With a lei the size of a semi-truck tire around his neck, Hawaii football coach Nick Rolovich deflected credit for chopping down 11-point favorite Arizona late Saturday night.

“Coach (Corey) Batoon and his defensive staff had a good game plan,” Rolovich said.

“Give coach (Brian) Smith credit; he fully prepared those guys. That’s good coaching by the defensive staff.”

No one was saying nice things about Arizona’s coaching staff.

And there was this from Rolovich: “We had opportunities to put it out of reach.”

Hawaii won 45-38 even though it committed six turnovers. And yet it “had opportunities to put it out of reach”?

That’s absurd.

Hawaii is not a feared football team. It’s a mid-level “Group of 5” program whose victories the last two seasons came against FBS opponents who went a cumulative 28-72. It also beat Western Carolina and Duquesne.

It committed six turnovers and still beat Arizona.

Let that sink in.

The Wildcats appeared to arrive at Aloha Stadium after being awakened early from a group nap. It was a replay of Arizona’s sleepwalk through its 2018 season opener, a head-shaking loss to a BYU program that hasn’t finished in the AP Top 25 for a decade.

Arizona was similarly emotionless a week later, losing big at Houston, another “Group of 5” team.

Hello? The time to hesitate is through. No time to wallow in the mire. Would someone light Arizona’s fire?

It can be done. The last time an Arizona opponent committed more than six turnovers and won was 1984. The No. 1 Washington Huskies lost five fumbles, threw four interceptions and trailed Larry Smith’s Wildcats 7-6 with 20 seconds remaining in the third quarter in Seattle.

Alas, Arizona faded in the fourth quarter and lost 28-12 to a Husky team that would win the Orange Bowl.

Smith didn’t wait for someone else to light the fire, he was so shaken by the loss that he took off his headset and all but threw it out of Husky Stadium.

At the final buzzer, after the Huskies scored a meaningless touchdown following an onsides kick, Smith was so agitated that he sprinted to the locker room, eschewing the traditional post-game handshake with UW coach Don James.

Smith was just getting started.

“I think that the officiating in this league stinks, and you can quote me on it,” he said. “I’m sick of it.”

Sick of losing, following their coach’s lead, the Wildcats swept Stanford and ASU to finish the season, triggering a 17-6-1 streak that attracted so much admiration that USC hired Smith to coach the Trojans in 1987.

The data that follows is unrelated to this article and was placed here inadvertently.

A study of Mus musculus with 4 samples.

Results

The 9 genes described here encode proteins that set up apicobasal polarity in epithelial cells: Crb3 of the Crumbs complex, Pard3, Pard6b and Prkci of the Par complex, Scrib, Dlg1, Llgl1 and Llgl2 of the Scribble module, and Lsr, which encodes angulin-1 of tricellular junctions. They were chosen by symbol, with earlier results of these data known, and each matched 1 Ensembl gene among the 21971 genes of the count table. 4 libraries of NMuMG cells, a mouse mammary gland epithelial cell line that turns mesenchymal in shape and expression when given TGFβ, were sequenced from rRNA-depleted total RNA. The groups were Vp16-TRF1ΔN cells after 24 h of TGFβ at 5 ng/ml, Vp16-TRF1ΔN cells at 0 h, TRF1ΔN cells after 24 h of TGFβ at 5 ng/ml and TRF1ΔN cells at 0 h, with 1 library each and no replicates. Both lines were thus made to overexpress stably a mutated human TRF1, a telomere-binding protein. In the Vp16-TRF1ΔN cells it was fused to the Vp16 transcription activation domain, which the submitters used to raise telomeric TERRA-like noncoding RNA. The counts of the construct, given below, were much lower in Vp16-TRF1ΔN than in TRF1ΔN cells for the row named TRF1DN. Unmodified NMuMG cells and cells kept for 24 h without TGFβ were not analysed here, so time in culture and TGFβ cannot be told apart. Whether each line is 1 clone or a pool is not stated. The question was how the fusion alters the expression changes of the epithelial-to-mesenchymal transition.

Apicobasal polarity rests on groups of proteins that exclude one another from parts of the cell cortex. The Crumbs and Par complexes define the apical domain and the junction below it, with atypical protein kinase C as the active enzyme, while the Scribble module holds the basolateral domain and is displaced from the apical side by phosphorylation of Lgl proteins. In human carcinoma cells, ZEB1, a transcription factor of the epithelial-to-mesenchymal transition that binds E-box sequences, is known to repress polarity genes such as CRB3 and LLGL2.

Smith coached UA football as if high on a case of 5-hour Energy drinks, and I swear his victories over No. 1 USC, No. 2 UCLA, No. 6 SMU, No. 9 Notre Dame and four consecutive, program-changing upsets over ASU were directly related to the force and fire he wore on his sleeve.

Kevin Sumlin does not coach the way Larry Smith did 35 years ago.

That wasn’t necessary at Texas A&M, where 100,000 fans at Kyle Stadium and one elite-level recruiting class after another lit the fuse for the famed “12th Man” support system at A&M.

That “what-me-worry?” demeanor isn’t working at Arizona.

Sumlin’s befuddling losses to BYU, Houston, Arizona State and Hawaii have shaken the community’s faith and belief, a troubling follow-up to Rich Rodriguez’s fade following the 2014 Pac-12 South championship season. Do you realize Arizona has gone 3-5 against “Group of 5” opponents the last four years?

If you’re in the Pac-12, you’ve got to go 7-1, minimum, in those games. You have to be prepared and energized the way Rolovich’s Rainbow Warriors were against Arizona.

“Congratulations to our fans,” Rolovich said Saturday night. “We took advantage of it.”

And Hawaii only drew a turnstile count of 20,572 fans in the 50,000-seat stadium.

With enthusiasm sapped before Labor Day, Arizona might be fortunate to draw 20,573 for next week’s home opener against NAU.

This isn’t always a game about big names.

Defensive coordinator Batoon is a Hawaii native who spent 10 years coaching at NAU, with his last two stops at Florida Atlantic and Arkansas State.

He had his defense far more prepared than did Marcel Yates’ Wildcat defense.

The Rainbow Warriors’ offensive coordinator, Brian Smith, suffered through two failed coaching regimes at Hawaii, but Rolovich liked what he saw, kept him on board and on Saturday Smith’s unit, bailed out by a second-string QB, gained 595 yards against Arizona.

Imagine how many more yards that might’ve been if Smith had a talent like Khalil Tate on his roster.

Before it beat Arizona, Hawaii had gone 0-11 against Power 5 conference opponents dating to 2011. The last five of those games were by a combined 236-57. In retrospect, had Hawaii not turned the ball over six times, most of them self-inflicted, it might’ve scored 60 against Arizona.

Look, Arizona’s roster isn’t built to contend for the Rose Bowl or spend three months inside the Top 25. But losing to Hawaii is unacceptable.

It makes you wonder if this is as good as Arizona football is going to get.

Contact sports columnist Greg Hansen at 520-573-4362 or ghansen@tucson.com. On Twitter: @ghansen711


Greg graduated from Utah State, worked at two Utah newspapers, the St. Petersburg Times, the Albany Democrat-Herald in Oregon and moved to Tucson to cover UA football and baseball. He became the Star's sports columnist in 1984.